County Seal

County Info

Area

  • Total 3,878 sq mi (10,040 km2)
  • Land 3,506 sq mi (9,080 km2)
  • Water 372 sq mi (960 km2)

Highest elevation[2]    6,958 ft (2,121 m)

Population (April 1, 2010)[3]

  • Total 87,841
  • Estimate (2016)[4] 87,628
  • Density 23/sq mi (8.7/km2)

History

Mendocino County was one of the original counties of California, created in 1850 at the time of statehood. Due to an initially minor white American population, it did not have a separate government until 1859 and was under the administration of Sonoma County prior to that.[8] Some of the county’s land was given to Sonoma County between 1850 and 1860.

The county derives its name from Cape Mendocino (most of which is actually located in adjacent Humboldt County), which was probably named in honor of either Antonio de Mendoza, Viceroy of New Spain, 1535–1542 (who sent the Juan Rodríguez Cabrillo Expedition to this coast in 1542), or Lorenzo Suárez de Mendoza, Viceroy from 1580 to 1583. Mendocino is the adjectival form of the family name of Mendoza.[8]

Neither Spanish nor Mexican influence extended into Mendocino County beyond establishing two Mexican land grants in southern Mendocino County: Rancho Sanel in Hopland, in 1844 and Rancho Yokaya that forms the majority of the Ukiah Valley, in 1845.[8]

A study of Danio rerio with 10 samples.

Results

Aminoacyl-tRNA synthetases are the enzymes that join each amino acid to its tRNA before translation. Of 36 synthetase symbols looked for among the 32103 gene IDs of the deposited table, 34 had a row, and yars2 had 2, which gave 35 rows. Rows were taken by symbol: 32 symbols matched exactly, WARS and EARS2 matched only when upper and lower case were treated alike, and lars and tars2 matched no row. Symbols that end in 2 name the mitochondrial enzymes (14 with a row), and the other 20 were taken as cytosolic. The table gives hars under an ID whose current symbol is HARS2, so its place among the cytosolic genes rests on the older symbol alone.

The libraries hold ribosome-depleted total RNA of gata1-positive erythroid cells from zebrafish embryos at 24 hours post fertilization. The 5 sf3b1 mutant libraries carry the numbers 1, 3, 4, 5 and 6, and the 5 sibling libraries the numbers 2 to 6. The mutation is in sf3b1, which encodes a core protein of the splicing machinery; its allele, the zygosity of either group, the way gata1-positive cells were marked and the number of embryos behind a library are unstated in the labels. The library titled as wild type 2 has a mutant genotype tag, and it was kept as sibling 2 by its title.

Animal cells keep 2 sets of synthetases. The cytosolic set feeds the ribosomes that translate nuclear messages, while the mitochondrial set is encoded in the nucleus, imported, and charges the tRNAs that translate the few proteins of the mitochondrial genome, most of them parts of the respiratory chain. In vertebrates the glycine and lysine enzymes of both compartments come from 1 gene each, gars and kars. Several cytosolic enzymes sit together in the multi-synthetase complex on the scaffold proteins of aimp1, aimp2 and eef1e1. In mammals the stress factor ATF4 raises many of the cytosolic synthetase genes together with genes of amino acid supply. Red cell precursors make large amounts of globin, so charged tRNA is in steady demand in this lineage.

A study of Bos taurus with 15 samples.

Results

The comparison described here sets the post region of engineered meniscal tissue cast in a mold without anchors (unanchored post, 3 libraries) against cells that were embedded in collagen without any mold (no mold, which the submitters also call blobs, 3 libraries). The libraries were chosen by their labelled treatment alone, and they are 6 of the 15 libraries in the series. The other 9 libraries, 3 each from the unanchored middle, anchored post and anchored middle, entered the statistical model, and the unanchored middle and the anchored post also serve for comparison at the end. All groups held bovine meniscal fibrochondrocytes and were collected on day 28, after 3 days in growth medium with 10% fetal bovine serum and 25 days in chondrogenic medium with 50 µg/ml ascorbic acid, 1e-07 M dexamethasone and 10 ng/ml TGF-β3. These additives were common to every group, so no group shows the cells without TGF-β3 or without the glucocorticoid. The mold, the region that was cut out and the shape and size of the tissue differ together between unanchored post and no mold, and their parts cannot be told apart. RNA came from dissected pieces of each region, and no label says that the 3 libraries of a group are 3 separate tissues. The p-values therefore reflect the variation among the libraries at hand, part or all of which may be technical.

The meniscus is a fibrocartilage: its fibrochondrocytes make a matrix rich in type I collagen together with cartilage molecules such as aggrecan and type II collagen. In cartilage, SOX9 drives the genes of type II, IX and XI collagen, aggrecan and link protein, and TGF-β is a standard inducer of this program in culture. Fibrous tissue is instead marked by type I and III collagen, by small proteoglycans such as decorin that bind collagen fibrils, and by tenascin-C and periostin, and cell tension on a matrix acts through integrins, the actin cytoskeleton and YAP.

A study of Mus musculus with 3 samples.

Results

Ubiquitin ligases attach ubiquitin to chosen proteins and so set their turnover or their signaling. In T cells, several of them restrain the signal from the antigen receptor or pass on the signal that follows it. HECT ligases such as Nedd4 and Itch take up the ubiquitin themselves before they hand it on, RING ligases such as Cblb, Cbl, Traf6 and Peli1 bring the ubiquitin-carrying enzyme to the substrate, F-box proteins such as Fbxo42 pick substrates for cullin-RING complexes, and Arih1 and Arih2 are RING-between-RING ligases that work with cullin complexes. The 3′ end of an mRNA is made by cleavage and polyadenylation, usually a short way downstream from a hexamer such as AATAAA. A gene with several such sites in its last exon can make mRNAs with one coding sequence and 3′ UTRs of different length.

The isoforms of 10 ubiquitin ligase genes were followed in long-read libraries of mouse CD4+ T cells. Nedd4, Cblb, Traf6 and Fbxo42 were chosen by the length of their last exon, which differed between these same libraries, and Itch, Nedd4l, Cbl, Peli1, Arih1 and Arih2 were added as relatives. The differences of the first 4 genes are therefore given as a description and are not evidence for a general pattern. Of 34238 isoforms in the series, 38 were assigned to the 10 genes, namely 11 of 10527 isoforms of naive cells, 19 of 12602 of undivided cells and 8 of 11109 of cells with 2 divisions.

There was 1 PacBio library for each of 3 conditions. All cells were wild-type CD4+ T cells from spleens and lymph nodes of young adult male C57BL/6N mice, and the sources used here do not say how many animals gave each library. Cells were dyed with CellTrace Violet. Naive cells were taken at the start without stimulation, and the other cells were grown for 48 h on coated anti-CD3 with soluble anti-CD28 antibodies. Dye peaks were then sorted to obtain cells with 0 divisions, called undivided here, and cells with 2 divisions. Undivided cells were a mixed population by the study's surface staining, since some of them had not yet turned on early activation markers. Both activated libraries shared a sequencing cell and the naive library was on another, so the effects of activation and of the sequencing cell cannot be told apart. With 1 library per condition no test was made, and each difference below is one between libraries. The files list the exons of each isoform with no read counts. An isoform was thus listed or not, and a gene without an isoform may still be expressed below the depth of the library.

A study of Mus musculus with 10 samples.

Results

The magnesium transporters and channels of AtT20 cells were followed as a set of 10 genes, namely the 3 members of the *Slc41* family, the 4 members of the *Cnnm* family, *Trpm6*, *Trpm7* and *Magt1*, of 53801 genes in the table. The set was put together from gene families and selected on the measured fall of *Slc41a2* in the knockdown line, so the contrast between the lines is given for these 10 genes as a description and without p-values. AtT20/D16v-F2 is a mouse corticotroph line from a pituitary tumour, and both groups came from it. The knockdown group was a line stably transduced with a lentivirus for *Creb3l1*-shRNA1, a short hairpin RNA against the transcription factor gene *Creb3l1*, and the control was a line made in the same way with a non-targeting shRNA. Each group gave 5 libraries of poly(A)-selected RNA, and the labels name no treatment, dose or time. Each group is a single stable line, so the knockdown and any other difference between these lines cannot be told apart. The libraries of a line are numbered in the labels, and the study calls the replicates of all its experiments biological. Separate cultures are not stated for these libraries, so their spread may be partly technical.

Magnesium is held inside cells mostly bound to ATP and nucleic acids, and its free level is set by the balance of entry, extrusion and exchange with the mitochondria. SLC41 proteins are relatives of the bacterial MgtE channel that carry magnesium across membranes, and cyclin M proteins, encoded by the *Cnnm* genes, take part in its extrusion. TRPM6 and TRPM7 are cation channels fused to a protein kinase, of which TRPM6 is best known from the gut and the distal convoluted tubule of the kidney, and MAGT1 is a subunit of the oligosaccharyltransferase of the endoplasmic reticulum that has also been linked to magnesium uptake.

In the 19th century, despite the establishment of the Mendocino Indian Reservation and Nome Cult Farm in 1856, the county witnessed many of the most serious atrocities in the extermination of the Californian Native American tribes who originally lived in the area, like the Yuki, the Pomo, the Cahto, and the Wintun. The systematic occupation of their lands, the reduction of many of their members into slavery and the raids against their settlements led to the Mendocino War in 1859, where hundreds of Indians were killed. Establishment of the Round Valley Indian Reservation in March 30, 1870, did not prevent the segregation that continued well into the 20th century. Other tribes from the Sierra Nevada mountains were also relocated to the Round Valley Indian Reservation during the “California Trail Of Tears”, where the Natives were forced to march in bad conditions to their new home in Round Valley.[9] Many of these tribes thrown together were not friends with the other tribes they were forced to live with on the reservation, resulting in tensions still evident today.